Reprinted from Consortium News
Turkish President Recep Tayyip Erdogan
Rather than rebuke Turkey, a NATO member, for its reckless behavior -- or express sympathy to the Russians -- Obama instead asserted that "Turkey, like every country, has a right to defend its territory and its airspace."
It was another one of Obama's breathtaking moments of hypocrisy, since he has repeatedly violated the territorial integrity of various countries, including in Syria where he has authorized bombing without the government's permission and has armed rebels fighting to overthrow Syria's secular regime.
Obama's comment on Turkey's right to shoot down planes -- made during a joint press conference with French President Francois Hollande on Tuesday -- was jarring, too, because there was no suggestion that even if the SU-24 jetfighter had strayed briefly into Turkish territory, which the Russians deny, that it was threatening Turkish targets.
Russian President Vladimir Putin angrily called the Turkish attack a "stab in the back delivered by the accomplices of terrorists." He warned of "serious consequences for Russian-Turkish relations."
Further provoking the Russians, Turkish-backed Syrian rebels then killed the two Russian pilots by riddling their bodies with bullets after they parachuted from the doomed plane and were floating toward the ground. Another Russian soldier was killed when a U.S.-supplied TOW missile brought down a Russian helicopter on a search-and-rescue mission, according to reports.
But Obama, during the news conference, seemed more interested in demonstrating his disdain for Putin, referring to him at one point by his last name only, without the usual use of a courtesy title, and demeaning the size of Putin's coalition in helping Syria battle the jihadist rebels.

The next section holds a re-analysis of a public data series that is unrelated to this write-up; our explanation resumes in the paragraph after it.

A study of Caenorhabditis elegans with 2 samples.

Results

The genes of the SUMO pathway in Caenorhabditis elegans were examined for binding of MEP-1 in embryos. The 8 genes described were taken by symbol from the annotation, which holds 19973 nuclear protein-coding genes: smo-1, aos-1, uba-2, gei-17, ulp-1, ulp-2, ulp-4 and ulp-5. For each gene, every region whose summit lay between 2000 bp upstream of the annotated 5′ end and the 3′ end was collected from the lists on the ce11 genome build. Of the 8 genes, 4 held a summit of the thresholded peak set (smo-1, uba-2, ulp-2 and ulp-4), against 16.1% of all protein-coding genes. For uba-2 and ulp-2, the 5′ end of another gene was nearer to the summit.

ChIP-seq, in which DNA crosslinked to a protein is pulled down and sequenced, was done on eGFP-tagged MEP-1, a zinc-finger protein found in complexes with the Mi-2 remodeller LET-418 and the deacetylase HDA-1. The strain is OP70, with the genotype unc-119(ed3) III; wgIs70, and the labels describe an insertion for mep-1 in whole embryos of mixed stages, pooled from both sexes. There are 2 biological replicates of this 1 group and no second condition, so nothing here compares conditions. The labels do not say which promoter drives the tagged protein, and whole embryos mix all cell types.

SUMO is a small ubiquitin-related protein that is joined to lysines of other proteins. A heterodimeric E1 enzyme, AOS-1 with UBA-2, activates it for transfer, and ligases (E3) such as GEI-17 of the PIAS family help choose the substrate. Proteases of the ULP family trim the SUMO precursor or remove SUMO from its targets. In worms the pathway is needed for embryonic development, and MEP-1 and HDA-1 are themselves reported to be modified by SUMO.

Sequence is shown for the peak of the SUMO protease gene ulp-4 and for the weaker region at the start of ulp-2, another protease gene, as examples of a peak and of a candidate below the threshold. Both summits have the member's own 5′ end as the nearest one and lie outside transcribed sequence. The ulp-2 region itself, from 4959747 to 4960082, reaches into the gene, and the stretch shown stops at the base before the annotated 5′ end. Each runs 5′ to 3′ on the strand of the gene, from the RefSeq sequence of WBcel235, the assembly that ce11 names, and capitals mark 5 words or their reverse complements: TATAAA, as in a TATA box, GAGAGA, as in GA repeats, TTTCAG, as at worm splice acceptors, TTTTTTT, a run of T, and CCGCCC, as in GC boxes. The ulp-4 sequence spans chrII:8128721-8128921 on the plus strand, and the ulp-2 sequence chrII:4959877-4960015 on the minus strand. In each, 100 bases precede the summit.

"We've got a coalition of 65 countries who have been active in pushing back against ISIL for quite some time," Obama said, citing the involvement of countries around the world. "Russia right now is a coalition of two, Iran and Russia, supporting [Syrian President Bashar al-] Assad."
However, there have been doubts about the seriousness of Obama's coalition, which includes Sunni countries, such as Saudi Arabia and Turkey, which have been covertly supporting some of the jihadist elements, including Al Qaeda's Nusra Front and its ally, Ahrar al-Sham.
Syrian rebels, including jihadists fighting with Ahrar al-Sham, have received hundreds of U.S. TOW anti-tank missiles, apparently through Sunni regional powers with what I've been told was Obama's direct approval. The jihadists have celebrated their use of TOWs to kill tank crews of the Syrian army. Yet Obama talks about every country's right to defend its territory.
Obama and the U.S. mainstream media also have pretended that the only terrorists that need to be fought in Syria are those belonging to the Islamic State (also known as ISIS, ISIL or Daesh), but Al Qaeda's Nusra Front and its ally, Ahrar al-Sham, which was founded in part by Al Qaeda veterans, make up the bulk of the Turkish-and-Saudi-backed Army of Conquest which was gaining ground -- with the help of those American TOW missiles -- until Russia intervened with air power at the request of Syrian President Assad in late September.
The SU-24 Shoot-down
As for the circumstances surrounding the Turkish shoot-down of the Russian SU-24, Turkey claimed to have radioed ten warnings over five minutes to the Russian pilots but without getting a response. However, the New York Times reported that a diplomat who attended a NATO meeting in which Turkey laid out its account said "the Russian SU-24 plane was over the Hatay region of Turkey for about 17 seconds when it was struck."
How those two contradictory time frames matched up was not explained. However, if the 17-second time frame is correct, it appears that Turkey intended to shoot down a Russian plane -- whether over its territory or not -- to send a message that it would not permit Russia to continue attacking Turkish-backed rebels in Syria.
After shooting down the plane, Turkey sought an emergency NATO meeting to support its attack. Though some NATO members reportedly consider Turkish President Recep Tayyip Erdogan a loose cannon, NATO Secretary General Jens Stoltenberg declared that the allies "stand in solidarity with Turkey."